Apr. 23, 1964 - Knuckleballer Ken Johnson of the Houston Colts became the first major leaguer in history to pitch a no-hitter and lose when the Cincinnati Reds capitalized on two errors in the ninth inning tonight for a 1-0 victory at Colt Stadium. Eight other major league pitchers, the last of whom was Harvey Haddix in 1959, hurled no-hit ball for nine innings but gave up subsequent hits in extra innings to lose.

Johnson helped bring about his own downfall when he committed one of those ninth inning errors. Second baseman Nellie Fox committed the one which allowed the run to score. Fox apologized to Johnson, but the Colt pitcher gallantly told the veteran “it was all my fault.”

With one out in the ninth, Pete Rose bunted in front of the plate. Johnson, obviously nervous, threw wildly past first base. Rose went all the way to second on the misplay then advanced to third on Chico Ruiz’s infield out. That it made it two out.

Vada Pinson followed with a sharp bouncer to Fox, who fumbled the ball, allowing Pinson to reach first and Rose to score the only run.

It was a heartbreaking defeat for Johnson, who had won his first two games this season and five in a row previously at the end of the 1963 season. Tonight, he struck out nine batters and walked only two.

“So, I made history tonight,” Johnson declared afterward, grinning. “Hell of a way to get into the books, isn’t it?”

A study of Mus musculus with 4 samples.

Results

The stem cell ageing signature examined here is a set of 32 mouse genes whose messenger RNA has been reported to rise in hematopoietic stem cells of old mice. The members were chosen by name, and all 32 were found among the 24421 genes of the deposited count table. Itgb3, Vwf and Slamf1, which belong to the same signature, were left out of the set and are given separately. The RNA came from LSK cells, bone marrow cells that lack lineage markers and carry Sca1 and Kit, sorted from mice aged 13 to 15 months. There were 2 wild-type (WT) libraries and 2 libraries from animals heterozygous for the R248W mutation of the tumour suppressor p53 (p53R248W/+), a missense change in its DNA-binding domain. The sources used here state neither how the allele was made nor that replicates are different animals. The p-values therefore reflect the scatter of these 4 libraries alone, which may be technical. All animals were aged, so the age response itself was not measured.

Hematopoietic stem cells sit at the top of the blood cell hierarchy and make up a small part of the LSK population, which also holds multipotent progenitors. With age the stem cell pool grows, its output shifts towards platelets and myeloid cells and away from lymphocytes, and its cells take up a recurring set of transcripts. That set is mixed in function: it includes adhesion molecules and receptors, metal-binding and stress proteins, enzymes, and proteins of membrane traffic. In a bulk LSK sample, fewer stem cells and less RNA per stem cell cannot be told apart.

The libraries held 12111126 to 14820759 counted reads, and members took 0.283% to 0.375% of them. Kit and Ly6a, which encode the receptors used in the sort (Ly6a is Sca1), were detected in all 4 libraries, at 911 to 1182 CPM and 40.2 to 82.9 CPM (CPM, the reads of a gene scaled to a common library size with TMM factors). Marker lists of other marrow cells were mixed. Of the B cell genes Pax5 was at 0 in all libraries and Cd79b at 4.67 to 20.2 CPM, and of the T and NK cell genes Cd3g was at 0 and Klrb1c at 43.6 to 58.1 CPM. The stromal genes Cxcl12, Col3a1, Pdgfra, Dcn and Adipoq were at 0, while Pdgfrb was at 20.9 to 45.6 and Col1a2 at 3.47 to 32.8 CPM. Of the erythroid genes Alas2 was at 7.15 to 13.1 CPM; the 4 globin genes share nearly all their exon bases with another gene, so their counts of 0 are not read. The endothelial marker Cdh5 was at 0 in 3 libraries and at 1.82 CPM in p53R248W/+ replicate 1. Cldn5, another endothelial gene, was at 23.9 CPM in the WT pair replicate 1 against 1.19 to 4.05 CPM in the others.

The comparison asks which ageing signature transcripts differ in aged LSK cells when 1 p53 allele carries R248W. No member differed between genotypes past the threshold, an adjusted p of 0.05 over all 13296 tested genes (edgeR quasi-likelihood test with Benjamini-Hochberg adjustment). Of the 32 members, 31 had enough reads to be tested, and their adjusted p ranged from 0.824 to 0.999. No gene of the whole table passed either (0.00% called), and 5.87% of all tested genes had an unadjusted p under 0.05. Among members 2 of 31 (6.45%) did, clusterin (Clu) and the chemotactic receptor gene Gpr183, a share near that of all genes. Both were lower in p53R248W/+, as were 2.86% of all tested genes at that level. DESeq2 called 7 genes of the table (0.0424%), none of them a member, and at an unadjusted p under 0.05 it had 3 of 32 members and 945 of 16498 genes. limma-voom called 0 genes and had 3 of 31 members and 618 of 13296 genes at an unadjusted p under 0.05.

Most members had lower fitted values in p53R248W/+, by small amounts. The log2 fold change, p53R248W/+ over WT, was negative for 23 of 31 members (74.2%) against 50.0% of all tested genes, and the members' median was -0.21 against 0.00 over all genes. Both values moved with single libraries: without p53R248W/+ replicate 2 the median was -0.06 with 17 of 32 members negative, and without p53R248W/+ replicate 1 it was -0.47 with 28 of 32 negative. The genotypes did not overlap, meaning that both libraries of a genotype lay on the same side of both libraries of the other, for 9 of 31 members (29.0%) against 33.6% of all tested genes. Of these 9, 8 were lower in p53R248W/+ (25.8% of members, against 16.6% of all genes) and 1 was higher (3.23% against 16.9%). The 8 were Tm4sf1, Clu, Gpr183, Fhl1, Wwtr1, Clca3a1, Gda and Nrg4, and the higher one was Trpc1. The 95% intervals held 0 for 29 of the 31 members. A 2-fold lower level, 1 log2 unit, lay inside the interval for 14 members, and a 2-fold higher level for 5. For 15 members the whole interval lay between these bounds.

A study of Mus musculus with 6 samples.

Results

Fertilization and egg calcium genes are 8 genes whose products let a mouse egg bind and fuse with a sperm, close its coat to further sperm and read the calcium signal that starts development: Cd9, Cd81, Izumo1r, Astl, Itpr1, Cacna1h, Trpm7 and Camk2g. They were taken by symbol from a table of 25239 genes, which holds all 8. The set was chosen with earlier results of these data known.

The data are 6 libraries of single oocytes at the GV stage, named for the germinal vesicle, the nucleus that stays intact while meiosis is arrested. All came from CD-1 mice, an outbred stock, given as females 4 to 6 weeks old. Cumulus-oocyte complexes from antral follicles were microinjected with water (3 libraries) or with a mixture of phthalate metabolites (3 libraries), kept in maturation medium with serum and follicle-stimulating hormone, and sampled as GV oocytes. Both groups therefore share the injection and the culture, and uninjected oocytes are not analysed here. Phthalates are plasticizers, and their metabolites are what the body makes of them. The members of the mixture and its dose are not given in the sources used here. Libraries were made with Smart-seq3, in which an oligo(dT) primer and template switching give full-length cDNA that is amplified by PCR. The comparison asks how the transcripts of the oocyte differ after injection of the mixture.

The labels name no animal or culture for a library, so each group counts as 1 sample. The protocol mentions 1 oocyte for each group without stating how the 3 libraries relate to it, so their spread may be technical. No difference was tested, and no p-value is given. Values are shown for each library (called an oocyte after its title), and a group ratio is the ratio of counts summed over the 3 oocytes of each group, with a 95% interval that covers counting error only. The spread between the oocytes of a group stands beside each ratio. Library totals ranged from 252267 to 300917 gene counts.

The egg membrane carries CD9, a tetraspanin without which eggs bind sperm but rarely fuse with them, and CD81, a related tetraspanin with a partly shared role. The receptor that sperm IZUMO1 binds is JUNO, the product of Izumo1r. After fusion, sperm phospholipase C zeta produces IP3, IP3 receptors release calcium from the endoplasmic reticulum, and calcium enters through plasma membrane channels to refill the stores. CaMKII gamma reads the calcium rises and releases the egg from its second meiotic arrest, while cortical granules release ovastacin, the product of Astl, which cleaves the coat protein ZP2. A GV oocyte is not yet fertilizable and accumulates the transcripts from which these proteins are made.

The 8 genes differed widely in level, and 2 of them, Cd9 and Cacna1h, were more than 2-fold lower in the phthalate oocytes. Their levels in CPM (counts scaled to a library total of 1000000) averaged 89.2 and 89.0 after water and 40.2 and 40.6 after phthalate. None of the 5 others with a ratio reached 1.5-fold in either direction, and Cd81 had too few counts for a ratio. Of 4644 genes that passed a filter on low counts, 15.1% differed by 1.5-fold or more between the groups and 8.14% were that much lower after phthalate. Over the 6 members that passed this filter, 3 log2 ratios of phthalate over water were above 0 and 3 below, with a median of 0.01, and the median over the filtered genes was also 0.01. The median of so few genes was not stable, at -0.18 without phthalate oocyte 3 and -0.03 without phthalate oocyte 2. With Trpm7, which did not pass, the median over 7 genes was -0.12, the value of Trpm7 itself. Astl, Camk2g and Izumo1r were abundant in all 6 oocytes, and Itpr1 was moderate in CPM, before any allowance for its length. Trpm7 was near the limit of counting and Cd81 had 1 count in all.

Outwardly, Johnson was relaxed and composed, and someone remarked on how he seemed to be taking this turn of wretched fortune.

“What else can I do?” asked Ken, still smiling. “I pitched the best game of my life. I can’t feel bad because I lost it. Actually, I feel worse for the guys on the club. I guess that sounds funny, but it’s true.”

The rest of the Colts, in fact, looked like they had just received foreclosure notices from the mortgage company. Fox dressed slowly and left without a word.

Asked what he had told Fox, Johnson said, “It wasn’t his fault. It was mine. I put the guy [Rose] on base, and I have no one to blame but myself. I knew I had to make a quick throw. I grabbed the ball with three fingers, and I threw a perfect sinker — low and away, and behind Pete. A good throw would have got him.”

Outfielder Johnny Weekly, who took a called third strike for the last out of the game with the tying run at first, kept staring at the floor.

“It’s a crime,” he said, “that we didn’t win this one for Kenny.”